COLUMBUS -- The Ohio House OK'd legislation to increase the number of snow days for the state's schoolchildren but added language cutting the number of excused days for teachers.
HB 416 passed on a vote of 80-16 and heads to the Ohio Senate for further consideration.
The legislation initially proposed allowing up to four additional calamity days during the current school year, enabling districts to avoid scheduling makeup days over spring breaks, on holidays or weekends, at the end of the school year.
The latter options are being considered by many schools that have had to close for more than the five calamity days allowed under current state law, thanks to recent wintry weather.
"This year, winter in Ohio has been characterized by higher-than-average snowfall totals, as well as bone-chilling, record-setting temperatures across the U.S.," said Rep. Tony Burkley, R-Payne), a primary sponsor of the bill. "... The severity of the weather has caused many school districts to consume all of their calamity days long before today. ... Many in my district have used in excess of 10 (calamity days)."
Rep. Brian Hill, R-Zanesville, co-sponsor of the legislation, said some schools in Guernsey County have already canceled classes on 17 days.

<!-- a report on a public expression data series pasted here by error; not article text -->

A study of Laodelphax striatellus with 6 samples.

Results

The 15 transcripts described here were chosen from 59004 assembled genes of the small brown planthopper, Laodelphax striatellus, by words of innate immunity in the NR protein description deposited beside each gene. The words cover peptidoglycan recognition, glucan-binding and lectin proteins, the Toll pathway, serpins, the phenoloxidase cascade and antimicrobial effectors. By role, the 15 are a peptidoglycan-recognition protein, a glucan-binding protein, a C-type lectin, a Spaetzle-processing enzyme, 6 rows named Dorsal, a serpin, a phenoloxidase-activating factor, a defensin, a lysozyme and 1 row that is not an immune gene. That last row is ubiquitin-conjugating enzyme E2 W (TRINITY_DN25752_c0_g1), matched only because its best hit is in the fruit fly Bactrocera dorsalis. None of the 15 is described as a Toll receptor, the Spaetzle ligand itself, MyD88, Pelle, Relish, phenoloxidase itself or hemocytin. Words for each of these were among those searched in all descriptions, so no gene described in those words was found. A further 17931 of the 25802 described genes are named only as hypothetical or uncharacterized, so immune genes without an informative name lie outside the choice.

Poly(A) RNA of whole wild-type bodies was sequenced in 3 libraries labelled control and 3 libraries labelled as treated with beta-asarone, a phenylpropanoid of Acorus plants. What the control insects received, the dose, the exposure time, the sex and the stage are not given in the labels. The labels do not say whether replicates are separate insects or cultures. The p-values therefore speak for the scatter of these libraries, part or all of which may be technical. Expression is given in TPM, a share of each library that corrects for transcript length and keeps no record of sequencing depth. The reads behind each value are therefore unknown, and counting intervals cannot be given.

The House Education Committee signed off on HB 416 late last month, but some Republican lawmakers voiced opposition, delaying a final vote for a week as members worked behind the scenes on a compromise.
The bill was amended during Wednesday's House session to allow two extra calamity days during the current school year, plus two additional teacher professional development days, essentially meaning students could be excused up to four additional days.
Some lawmakers still opposed the legislation.
Rep. Mike Henne, R-Clayton, was among opponents, saying the education of Ohio's youth is too important to skip instruction days, particularly when there are plenty of opportunities to make up missed sessions.
"They can make the tough decision to send the kids to school on spring break or Saturdays or whatever," he said.
Rep. Lynn Wachtmann, R-Napoleon, said the legislation means the state is foregoing some $460 million in spending with "no academic return for the kids."
He added, "In the private sector, you don't get paid if you don't serve your customers. I know that's a novel idea in the public sector where they expect to get paid for nothing, for no services rendered, which is exactly what this bill is saying we're going to do."